Maryland Tech Council (MTC) today jointly announced the collaboration with Platoon 22, a nonprofit using workforce integration and wraparound services as a way to stem the tide of veteran suicides. The program specifically aspires to connect these veterans to the state’s life sciences and biotech ecosystems through MTC’s BioHub Maryland initiative, staffers of which will work with Platoon 22 to upskill veterans in jobs and disciplines that are in high need among life sciences employers.
Training will be administered in part through BioHub Maryland’s online training academy, which an announcement notes will teach elemental concepts in biomedical manufacturing, technical writing, quality assurance and other components within the broader life sciences industry.
Kelly Schulz, Maryland’s former labor and commerce secretary who became MTC’s CEO back in October, told Technical.ly this initiative arose out of work done by her predecessor Marty Rosendale and COO Michelle Ferrone. Schulz credited Ferrone with reaching out to Platoon 22, which was preparing to launch its Platoon Veterans Service Center around the same time BioHub Maryland had received an infusion of state and federal funds to grow. Both entities saw the chance to channel the mission-driven focus already familiar to the state’s military veterans — a community numbering around 400,000, according to Platoon 22’s own numbers — into an industry that MTC says drives $20 billion into the state’s economy.
“[Veterans] make great trainees and employees because of the training that they’ve already had,” Schulz said. “We want to be able to make sure that they have a path to move into, whether it be an entry-level position or [higher], but have those opportunities to continue to succeed because they are mission oriented. The life science community is mission oriented in saving lives, so there’re a lot of similarities.”
According to Schulz, the program, which grew out of a November memorandum of understanding between the two orgs, will start with them soliciting applicants. Program participants will start by taking BioHub Maryland’s online training this summer. The training draws in part from MTC’s committee meetings, through which member companies’ leaders have explained what kinds of skills the industry needs from people entering the life sciences market.
Schulz added that while this is a statewide effort, the partnership’s leaders aim to scale it in a way that might involve in-person components — particularly starting next year, at what an announcement described as BioHub Maryland’s own “state-of-the-art lab space” — as well as further collaboration with its regional chapters in Baltimore, Prince George’s County and the Chesapeake Bay region.
Advocacy for further life science opportunities
MTC announced this initiative the same week that it will host its second annual Advocacy Summit in Annapolis, during which Schulz and colleagues will present a mix of programming and networking events (including a ticketed leadership dinner) to connect tech and life sciences industry leaders with elected officials. Panels and fireside chats announced for Thursday will explore such topics as how to build a stronger biotech ecosystem, ways to center patients’ experiences as the industry grows and the impact of digital inequity throughout the state.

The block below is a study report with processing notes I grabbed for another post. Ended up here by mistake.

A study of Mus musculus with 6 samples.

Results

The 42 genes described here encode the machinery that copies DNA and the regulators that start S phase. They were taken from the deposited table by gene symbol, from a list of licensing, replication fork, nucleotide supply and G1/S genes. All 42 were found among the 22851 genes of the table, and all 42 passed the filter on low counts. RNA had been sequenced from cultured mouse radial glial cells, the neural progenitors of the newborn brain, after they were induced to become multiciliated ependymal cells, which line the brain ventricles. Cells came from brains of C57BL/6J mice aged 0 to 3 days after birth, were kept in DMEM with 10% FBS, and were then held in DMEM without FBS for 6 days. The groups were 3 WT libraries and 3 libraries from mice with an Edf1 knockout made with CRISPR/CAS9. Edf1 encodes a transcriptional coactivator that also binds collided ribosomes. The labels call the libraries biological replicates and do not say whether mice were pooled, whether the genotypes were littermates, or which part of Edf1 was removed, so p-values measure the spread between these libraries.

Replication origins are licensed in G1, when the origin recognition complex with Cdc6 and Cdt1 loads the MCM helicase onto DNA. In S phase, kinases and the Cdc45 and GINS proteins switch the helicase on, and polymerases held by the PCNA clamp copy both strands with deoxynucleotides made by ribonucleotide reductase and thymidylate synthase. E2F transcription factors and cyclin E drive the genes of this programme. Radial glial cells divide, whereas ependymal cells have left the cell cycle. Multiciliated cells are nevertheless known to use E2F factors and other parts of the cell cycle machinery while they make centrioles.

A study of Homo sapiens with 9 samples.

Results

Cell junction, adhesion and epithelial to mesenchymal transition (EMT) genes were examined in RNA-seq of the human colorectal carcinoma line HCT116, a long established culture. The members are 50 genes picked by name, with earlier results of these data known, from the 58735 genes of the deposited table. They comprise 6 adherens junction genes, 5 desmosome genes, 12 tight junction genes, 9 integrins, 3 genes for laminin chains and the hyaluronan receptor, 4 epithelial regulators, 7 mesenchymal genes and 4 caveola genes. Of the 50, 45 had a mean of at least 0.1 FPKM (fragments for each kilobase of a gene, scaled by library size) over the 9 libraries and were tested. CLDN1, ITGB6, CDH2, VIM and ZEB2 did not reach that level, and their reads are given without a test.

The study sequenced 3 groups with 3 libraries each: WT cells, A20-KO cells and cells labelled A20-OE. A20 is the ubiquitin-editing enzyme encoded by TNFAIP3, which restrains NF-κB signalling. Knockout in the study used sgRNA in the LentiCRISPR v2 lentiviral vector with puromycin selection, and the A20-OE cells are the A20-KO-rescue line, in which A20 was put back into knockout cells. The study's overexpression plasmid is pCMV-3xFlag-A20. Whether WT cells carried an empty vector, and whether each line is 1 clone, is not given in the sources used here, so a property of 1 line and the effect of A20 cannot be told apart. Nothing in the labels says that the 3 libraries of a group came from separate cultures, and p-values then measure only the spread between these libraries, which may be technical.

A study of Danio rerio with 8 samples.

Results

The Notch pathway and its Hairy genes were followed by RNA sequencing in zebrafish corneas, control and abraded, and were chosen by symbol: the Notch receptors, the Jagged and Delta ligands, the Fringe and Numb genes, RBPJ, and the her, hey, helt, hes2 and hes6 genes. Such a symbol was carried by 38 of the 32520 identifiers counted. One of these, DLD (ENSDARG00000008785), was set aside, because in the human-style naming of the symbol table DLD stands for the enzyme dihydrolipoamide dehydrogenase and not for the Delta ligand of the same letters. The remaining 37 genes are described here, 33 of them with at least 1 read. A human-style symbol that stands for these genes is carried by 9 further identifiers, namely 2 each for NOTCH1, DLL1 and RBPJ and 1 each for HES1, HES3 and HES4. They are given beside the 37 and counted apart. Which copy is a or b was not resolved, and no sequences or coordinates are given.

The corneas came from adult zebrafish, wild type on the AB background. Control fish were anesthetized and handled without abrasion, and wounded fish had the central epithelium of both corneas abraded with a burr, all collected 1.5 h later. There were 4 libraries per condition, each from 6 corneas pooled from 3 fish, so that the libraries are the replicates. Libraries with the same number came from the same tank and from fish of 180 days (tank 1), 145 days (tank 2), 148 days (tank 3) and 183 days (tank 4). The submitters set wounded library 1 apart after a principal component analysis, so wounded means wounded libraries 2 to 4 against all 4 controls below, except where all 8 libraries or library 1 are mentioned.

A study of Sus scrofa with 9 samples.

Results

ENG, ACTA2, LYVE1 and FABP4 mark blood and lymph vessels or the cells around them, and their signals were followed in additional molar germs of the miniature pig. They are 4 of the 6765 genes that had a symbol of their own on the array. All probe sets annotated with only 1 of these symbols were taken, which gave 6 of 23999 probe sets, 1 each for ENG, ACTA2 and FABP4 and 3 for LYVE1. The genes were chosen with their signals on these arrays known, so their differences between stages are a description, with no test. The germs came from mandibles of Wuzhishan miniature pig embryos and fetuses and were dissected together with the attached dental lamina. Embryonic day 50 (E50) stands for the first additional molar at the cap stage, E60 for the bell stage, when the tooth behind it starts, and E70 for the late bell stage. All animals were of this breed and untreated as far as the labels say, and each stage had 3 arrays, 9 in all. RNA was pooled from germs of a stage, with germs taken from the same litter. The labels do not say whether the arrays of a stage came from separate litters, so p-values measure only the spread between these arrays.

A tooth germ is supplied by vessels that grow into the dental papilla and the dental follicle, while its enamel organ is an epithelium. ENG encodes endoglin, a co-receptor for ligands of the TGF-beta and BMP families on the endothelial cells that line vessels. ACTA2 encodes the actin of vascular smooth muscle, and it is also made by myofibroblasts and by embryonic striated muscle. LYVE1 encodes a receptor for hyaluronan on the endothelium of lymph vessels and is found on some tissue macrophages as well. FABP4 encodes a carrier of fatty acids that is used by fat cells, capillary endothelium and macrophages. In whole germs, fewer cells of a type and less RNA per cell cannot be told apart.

Schulz said that this is the MTC’s first advocacy-focused day in three years, thanks to COVID-era disruption. Lieutenant Gov.-elect Aruna Miller will deliver the leadership dinner’s keynote address.
Looking at the scope of this advocacy, as well as the veterans-focused programs and other aspects of the Maryland Tech Council’s work, Schulz is not yet too worried about the possible recession’s impact on the industries MTC represents. Besides a handful of layoffs at specific companies, she instead sees signs that the tech and life sciences industries are growing their capacity through lab space expansion and other moves. She cited examples of lab space being developed in Montgomery and Frederick counties, with more businesses being attracted to and investing in such facilities outside of federal subsidies. Moreover, she believes that elected leaders have a strong role to play in making Maryland an enticing place to do business.
“I’ve heard that there are about 3 million square feet of space that are being developed for future products right now, across the state — not just in the major hubs — and I think that’s a good sign,” she said. “We continue to hear from our members that they have a lack of workforce, so that’s always an opportunity to create more jobs with a more well-trained workforce. And if they need more workers, then that means that they’re growing.”
“I’m not going to dispute anybody that says there may be some sort of correction happening in the economy, but my numbers are not the ones that are seeing a massive correction,” she added.
Knowledge is power!
Subscribe for free today and stay up to date with news and tips you need to grow your career and connect with our vibrant tech community.